In a bold move to transform Twitter into a much larger platform, Elon Musk recently rebranded it as X, taking inspiration from China’s mega app WeChat. Musk has been vocal about his admiration for WeChat, referring to it as an “everything app” that combines chat, dating, payments, and social media. He envisions creating a similar platform with X, aiming for “immense success.”
What is WeChat?
Launched by Tencent in 2011, WeChat has become an integral part of Chinese society, with almost all of China’s 1.4 billion people using the app. Describing it as a super-app is an understatement, as it offers a wide range of services, including messaging, voice and video calling, social media, food delivery, mobile payments, games, news, and even dating. WeChat amalgamates the functionalities of WhatsApp, Facebook, Apple Pay, Uber, Amazon, Tinder, and more into a single platform.
The all-in-one platform
WeChat’s interfaces for its various services are distinct and user-friendly. It started as a messaging platform similar to WhatsApp or iMessage, with “Chats” and “Moments” being its most-used features, akin to WhatsApp’s messaging and Facebook’s news feed. However, WeChat goes beyond messaging. Its widely-used “Wallet” feature enables users to link their debit and credit cards, allowing them to make payments at most shops and online retailers in China by simply scanning QR codes. Additionally, users can pay bills, make investments, and even take out loans using WeChat.
WeChat also integrates various government services, allowing users to check social security information, pay for speeding tickets, and book hospital appointments. During the pandemic, WeChat became essential for daily life in China. As the entire country implemented strict zero-Covid restrictions, individuals were required to generate a “health code” on the app to enable movement. However, the convenience and extensive reach of WeChat does come with downsides.
Downsides of WeChat
While WeChat offers unparalleled convenience, there are certain drawbacks to having so many features on a single app. One practical concern is the app’s large memory consumption, often occupying tens of gigabytes of data storage on users’ phones. Moreover, WeChat’s deep integration into Chinese society raises concerns regarding government censorship, surveillance, and privacy issues. The Chinese government blocks access to foreign websites and social media platforms, including Facebook and Twitter, further emphasising the level of control exerted over the internet. Speaking out against the government on WeChat can result in account suspensions, while even seemingly innocuous information may trigger government censorship and account shutdowns.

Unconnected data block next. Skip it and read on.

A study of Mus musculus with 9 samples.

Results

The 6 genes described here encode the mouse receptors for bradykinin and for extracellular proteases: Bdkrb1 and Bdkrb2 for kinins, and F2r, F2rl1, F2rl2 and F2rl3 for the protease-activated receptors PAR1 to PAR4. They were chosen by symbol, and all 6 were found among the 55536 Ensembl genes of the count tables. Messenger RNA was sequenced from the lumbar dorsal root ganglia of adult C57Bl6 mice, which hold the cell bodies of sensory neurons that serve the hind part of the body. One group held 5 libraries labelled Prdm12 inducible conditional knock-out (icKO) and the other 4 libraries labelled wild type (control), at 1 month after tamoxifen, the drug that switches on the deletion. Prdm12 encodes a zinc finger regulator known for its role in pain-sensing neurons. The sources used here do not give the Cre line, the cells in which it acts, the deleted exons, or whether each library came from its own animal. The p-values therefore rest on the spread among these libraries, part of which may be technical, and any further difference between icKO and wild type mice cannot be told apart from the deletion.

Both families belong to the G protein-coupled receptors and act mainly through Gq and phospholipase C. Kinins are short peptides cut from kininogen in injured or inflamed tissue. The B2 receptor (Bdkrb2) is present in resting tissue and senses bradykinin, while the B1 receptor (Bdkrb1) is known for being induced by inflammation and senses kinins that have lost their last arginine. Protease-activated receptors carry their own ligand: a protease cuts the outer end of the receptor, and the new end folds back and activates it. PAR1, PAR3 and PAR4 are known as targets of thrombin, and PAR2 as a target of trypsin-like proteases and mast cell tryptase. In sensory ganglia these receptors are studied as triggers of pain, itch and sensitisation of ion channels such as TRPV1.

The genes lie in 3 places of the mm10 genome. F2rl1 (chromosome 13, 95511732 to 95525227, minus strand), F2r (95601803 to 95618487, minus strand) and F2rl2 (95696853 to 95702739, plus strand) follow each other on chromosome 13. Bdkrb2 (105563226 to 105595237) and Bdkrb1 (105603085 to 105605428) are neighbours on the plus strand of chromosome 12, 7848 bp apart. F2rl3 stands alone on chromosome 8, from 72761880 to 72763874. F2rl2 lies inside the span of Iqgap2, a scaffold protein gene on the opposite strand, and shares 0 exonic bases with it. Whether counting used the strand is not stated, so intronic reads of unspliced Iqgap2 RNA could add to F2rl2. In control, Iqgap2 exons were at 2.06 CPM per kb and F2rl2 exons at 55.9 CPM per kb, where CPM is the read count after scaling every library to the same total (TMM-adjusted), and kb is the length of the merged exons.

Kitsch Liao, assistant director of the Atlantic Council’s Global China Hub, highlights that super-apps like WeChat align with Beijing’s aim of maintaining control over the country by organising all aspects of life. This is primarily to prevent any opposition or political risks that may challenge the rule of the Chinese Communist Party.
WeChat’s Success in China
WeChat’s immense success in China can be attributed to two major factors. Firstly, the majority of Chinese people access WeChat on smartphones rather than desktop computers, as internet development in the country has primarily focused on mobile technology. This “walled garden” approach, where users primarily engage with apps rather than the open web, makes building an all-encompassing super-app on smartphones easier.
Secondly, China’s lack of competition regulation allows WeChat to effectively block rival platforms such as Taobao and Douyin. This absence of competition enables WeChat to maintain its dominance in various sectors, contributing to its widespread adoption and success.
Can Elon Musk replicate WeChat’s success?
Elon Musk’s ambition to emulate WeChat’s success with X raises questions about the feasibility of such an endeavour outside of China. To understand the potential challenges, we must consider the differences between China and the Western world, particularly regarding digital payments.
Kendra Schaefer from policy research firm Trivium China points out that Musk has recognised the key elements that have made WeChat critical to daily life in China, particularly integrating social media with digital payments. This integration has been a secret sauce for WeChat’s success.
However, a major difference between China and the West lies in the widespread adoption of digital payment technology. In China, most merchants do not accept cash or credit cards, relying instead on WeChat’s digital payment system. In the Western world, a transition to a truly cashless or credit card-free society may take longer. This difference in digital payment adoption could pose an obstacle to Musk’s ambitions with X.